By Michael Hurley, CBS Boston

BOSTON (CBS) — Oh no.


The quarterback who helped cement his legacy as the greatest of all time with a 28-3 comeback against the Falcons in Super Bowl LI once again delivered a come-from-behind victory against Atlanta on Sunday.

The 43-year-old threw for an absurd 390 yards, completing 31 of his 45 passes while throwing two touchdowns with zero interceptions. That performance gets him to the brink of 4,000 passing yards (he’ll need just 114 yards over his final two games to reach that mark) and bumped his passing touchdown total up to 32, matching his touchdown total from his MVP season of 2017.

Just like he did in that Super Bowl vs. Atlanta, Brady outdueled Matt Ryan, who was impressive himself, going 34-for-49 for 356 yards with three touchdowns and no picks.

The stakes for this game were slightly lower than the historic Patriots win in Super Bowl LI, but it was nevertheless significant. Brady and the Buccaneers trailed 17-0 at halftime, unable to do much of anything against a 4-9 Falcons team.

Yet Brady, on the field in Atlanta for the first time since winning Super Bowl LIII for the Patriots two seasons ago, helped lead the Buccaneers all the way back in relatively rapid fashion.

The Buccaneers scored three touchdowns on three possessions in the third quarter, embarking on drives of 80 yards, 75 yards, and 76 yards. Leonard Fournette scored a pair of touchdowns, but the comeback was largely fueled by Tampa’s defense and Brady’s arm.

That furious charge cut Atlanta’s lead to 24-21, and it was all Tampa from that point forward.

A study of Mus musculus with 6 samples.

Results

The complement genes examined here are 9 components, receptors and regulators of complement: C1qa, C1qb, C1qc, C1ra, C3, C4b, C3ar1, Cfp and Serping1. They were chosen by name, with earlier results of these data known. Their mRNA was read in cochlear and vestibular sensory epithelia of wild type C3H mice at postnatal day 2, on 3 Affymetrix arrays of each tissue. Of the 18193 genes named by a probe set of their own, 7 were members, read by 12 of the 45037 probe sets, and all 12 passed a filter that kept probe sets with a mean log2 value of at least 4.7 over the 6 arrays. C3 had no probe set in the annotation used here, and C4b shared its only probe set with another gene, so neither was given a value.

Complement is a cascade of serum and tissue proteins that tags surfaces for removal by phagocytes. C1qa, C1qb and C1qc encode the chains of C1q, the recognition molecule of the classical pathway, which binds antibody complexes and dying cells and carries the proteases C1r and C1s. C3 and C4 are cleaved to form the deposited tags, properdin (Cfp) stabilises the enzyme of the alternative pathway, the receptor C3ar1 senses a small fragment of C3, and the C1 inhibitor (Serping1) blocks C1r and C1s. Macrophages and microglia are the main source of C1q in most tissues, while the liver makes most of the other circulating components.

The Bucs’ offense stalled in the red zone early in the fourth quarter, but a 27-yard field goal by Ryan Succop tied the score at 24-24. The Falcons took a three-point lead midway through the fourth quarter, but Brady hit Antonio Brown on a 46-yard bomb to put the Bucs ahead 31-27 with 6:25 left to play.

The throw was the picture of perfection.


Tom Brady, Antonio Brown (Photo by Kevin C. Cox/Getty Images)

The Buccaneers’ defense came up with some big plays on the following drive, notably with Devin White sacking Matt Ryan for a loss of 11 yards on a third-and-12.

The Falcons’ defense actually came up with a stop of its own on Tampa’s next possession, sacking Brady for an eight-yard loss on a second-and-8.

But Ryan and the Falcons couldn’t convert a fourth-and-16 on the ensuing possession, as Calvin Ridley was tackled three yards shy of the first-down marker, leading to a turnover on downs.

Fournette was credited with picking up the necessary yardage on the third-and-2 that followed for the Bucs, allowing Brady to take a knee to seal a dramatic come-from-behind win over the Falcons.

Brady spread the ball around rather ridiculously, as well. He completed at least three passes to eight different receivers, with Evans leading the way at six receptions for 110 yards. As a team, the Buccaneers rushed for just 51 yards on the day.

Brady was 10-for-16 for 70 yards in the first half before completing 21 of 29 passes for 320 yards and two touchdowns in the second half. According to ESPN, that performance marked the most passing yards by any quarterback in the second half of any game in the NFL this season.

The game was not short on dramatics, but the victory added in the win column for the Buccaneers remained the most important aspect for Brady’s team. The Buccaneers are now 9-5, making them a virtual lock for the postseason with two weeks to play. And with dates against Detroit (5-9) and Atlanta left on the docket, the Bucs have a real shot at finishing the year at 11-5.

The Saints, who entered Sunday at 10-3, won’t be relenting the NFC South crown to Tampa. Yet with the NFL changing its format to only give one team from each conference a first-round bye, the field appears to be open to wild-card teams making Super Bowl runs like never before.

Obviously, for a franchise that hasn’t made the postseason since 2007, the comeback gives the Buccaneers one of their best victories in a long, long time. And for Matt Ryan and the Falcons? Well, they likely never want to see Tom Brady again.

Unfortunately for them — and fortunately for the viewers at home — we’ll all get to see it again in a couple of weeks.


You can email Michael Hurley or find him on Twitter @michaelFhurley.